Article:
William Stokes retired with 46 years of experience working on the Michigan Central and New York Central railways, in addition to active service in the Boer War and the First World War, a term as St. Thomas Mayor, several years as an alderman, membership in many service clubs and fraternities, and an early job dressing up as the Quaker Oats mascot.

Born in Fingal, Ontario, Stokes was still a teenager when he went overseas to fight in South Africa. Returning at the age of 21, he started his railway career with the Michigan Central Railway as a freight brakeman in 1903. He became a freight conductor in 1919, and was promoted to the rank of passenger conductor in 1928, a post he held until his retirement in 1949. He conducted such trains as the New York Special, New England Wolverine, and the Detroiter right up until his retirement.

In addition to his nearly half-century railway career, he served 40 years with the 91st Battalion. His only break from working on the railway came when he fought in France during World War 1. He held the rank of sergeant for the duration of the war. He was wounded at Vimy Ridge, Hill 70, and Passchendaele. He also later served as President of the 91st Battalion Association.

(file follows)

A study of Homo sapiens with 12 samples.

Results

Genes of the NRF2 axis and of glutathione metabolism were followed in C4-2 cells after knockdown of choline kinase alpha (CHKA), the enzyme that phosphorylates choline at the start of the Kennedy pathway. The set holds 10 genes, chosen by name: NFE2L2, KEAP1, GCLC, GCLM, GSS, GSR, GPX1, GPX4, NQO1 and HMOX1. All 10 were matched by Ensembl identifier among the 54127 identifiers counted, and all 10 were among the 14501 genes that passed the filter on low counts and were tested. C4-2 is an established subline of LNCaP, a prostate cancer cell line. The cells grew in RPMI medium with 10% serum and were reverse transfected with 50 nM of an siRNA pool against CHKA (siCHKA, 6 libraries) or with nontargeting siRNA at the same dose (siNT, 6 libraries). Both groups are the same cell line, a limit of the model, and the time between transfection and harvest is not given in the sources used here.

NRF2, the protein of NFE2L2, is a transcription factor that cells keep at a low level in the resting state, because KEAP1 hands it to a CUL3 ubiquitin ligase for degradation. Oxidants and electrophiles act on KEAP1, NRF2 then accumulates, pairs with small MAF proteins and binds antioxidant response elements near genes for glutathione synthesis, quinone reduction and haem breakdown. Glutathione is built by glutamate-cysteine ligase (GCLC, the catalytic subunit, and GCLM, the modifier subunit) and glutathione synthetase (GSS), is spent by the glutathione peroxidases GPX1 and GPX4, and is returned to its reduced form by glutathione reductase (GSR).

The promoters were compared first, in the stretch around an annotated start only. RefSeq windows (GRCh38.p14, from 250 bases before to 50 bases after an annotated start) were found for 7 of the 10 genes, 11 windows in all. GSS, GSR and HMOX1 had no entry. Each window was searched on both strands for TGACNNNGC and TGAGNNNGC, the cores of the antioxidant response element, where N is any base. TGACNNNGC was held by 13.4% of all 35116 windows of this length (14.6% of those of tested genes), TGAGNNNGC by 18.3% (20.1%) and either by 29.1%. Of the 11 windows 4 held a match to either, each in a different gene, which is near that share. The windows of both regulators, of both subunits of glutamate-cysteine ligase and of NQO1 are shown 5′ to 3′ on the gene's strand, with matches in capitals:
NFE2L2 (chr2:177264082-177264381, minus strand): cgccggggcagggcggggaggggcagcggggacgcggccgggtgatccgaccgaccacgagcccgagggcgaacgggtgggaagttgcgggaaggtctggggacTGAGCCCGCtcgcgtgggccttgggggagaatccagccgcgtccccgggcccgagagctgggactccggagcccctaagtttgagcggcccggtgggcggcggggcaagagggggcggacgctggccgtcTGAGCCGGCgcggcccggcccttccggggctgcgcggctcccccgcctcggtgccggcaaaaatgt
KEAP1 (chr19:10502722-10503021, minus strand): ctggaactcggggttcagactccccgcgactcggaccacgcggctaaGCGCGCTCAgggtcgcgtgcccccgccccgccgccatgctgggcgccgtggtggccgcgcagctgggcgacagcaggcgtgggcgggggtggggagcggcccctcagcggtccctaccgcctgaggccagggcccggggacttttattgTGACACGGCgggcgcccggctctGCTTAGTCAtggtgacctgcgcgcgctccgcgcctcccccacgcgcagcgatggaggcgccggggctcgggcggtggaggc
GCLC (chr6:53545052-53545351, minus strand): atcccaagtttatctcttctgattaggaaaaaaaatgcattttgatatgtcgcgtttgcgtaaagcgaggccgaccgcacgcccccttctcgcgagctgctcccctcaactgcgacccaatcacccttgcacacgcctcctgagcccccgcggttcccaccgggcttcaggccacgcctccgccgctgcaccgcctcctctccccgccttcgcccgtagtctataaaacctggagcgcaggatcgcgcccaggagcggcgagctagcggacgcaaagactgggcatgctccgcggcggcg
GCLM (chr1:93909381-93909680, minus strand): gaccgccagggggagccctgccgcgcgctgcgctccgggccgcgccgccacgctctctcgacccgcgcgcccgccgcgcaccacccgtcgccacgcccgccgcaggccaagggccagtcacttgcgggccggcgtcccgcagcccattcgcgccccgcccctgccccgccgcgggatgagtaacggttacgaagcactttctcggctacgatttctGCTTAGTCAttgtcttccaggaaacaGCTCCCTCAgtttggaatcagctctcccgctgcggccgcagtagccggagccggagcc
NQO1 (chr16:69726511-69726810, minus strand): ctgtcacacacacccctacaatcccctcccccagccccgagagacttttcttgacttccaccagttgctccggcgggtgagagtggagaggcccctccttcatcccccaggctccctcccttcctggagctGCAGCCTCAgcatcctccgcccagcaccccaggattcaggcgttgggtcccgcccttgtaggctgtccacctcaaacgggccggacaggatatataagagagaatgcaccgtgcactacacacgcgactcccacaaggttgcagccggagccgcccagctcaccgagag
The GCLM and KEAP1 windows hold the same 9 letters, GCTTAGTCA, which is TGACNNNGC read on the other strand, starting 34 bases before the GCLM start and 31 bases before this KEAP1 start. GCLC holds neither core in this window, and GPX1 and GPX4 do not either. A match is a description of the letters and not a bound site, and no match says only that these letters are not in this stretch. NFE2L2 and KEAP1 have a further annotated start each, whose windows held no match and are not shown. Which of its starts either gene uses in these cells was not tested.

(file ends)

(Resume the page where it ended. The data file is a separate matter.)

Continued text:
In between his South African service and the start of his railway career, he worked as a deckhand on a trans-Erie ferry boat, peddled fresh-baked bread door-to-door, and worked as publicity director for Quaker Oats, a memorable job that had him dressing up as the Quaker Oats mascot.

Any spare time he had was filled with obligations to fraternities and service clubs – he was in the Orange Order, the Oddfellows, the Kiwanis Club, and the Freemasons. He held prominent positions in multiple lodges. He was also an alderman for seven years, and the mayor of St. Thomas from 1928-29. He also spent two years on the St. Thomas Board of Education, and was a president of the Southern Ontario Highways Association.

He was on the board of Grace United Church, as well. Three of sons followed him into lengthy railway careers.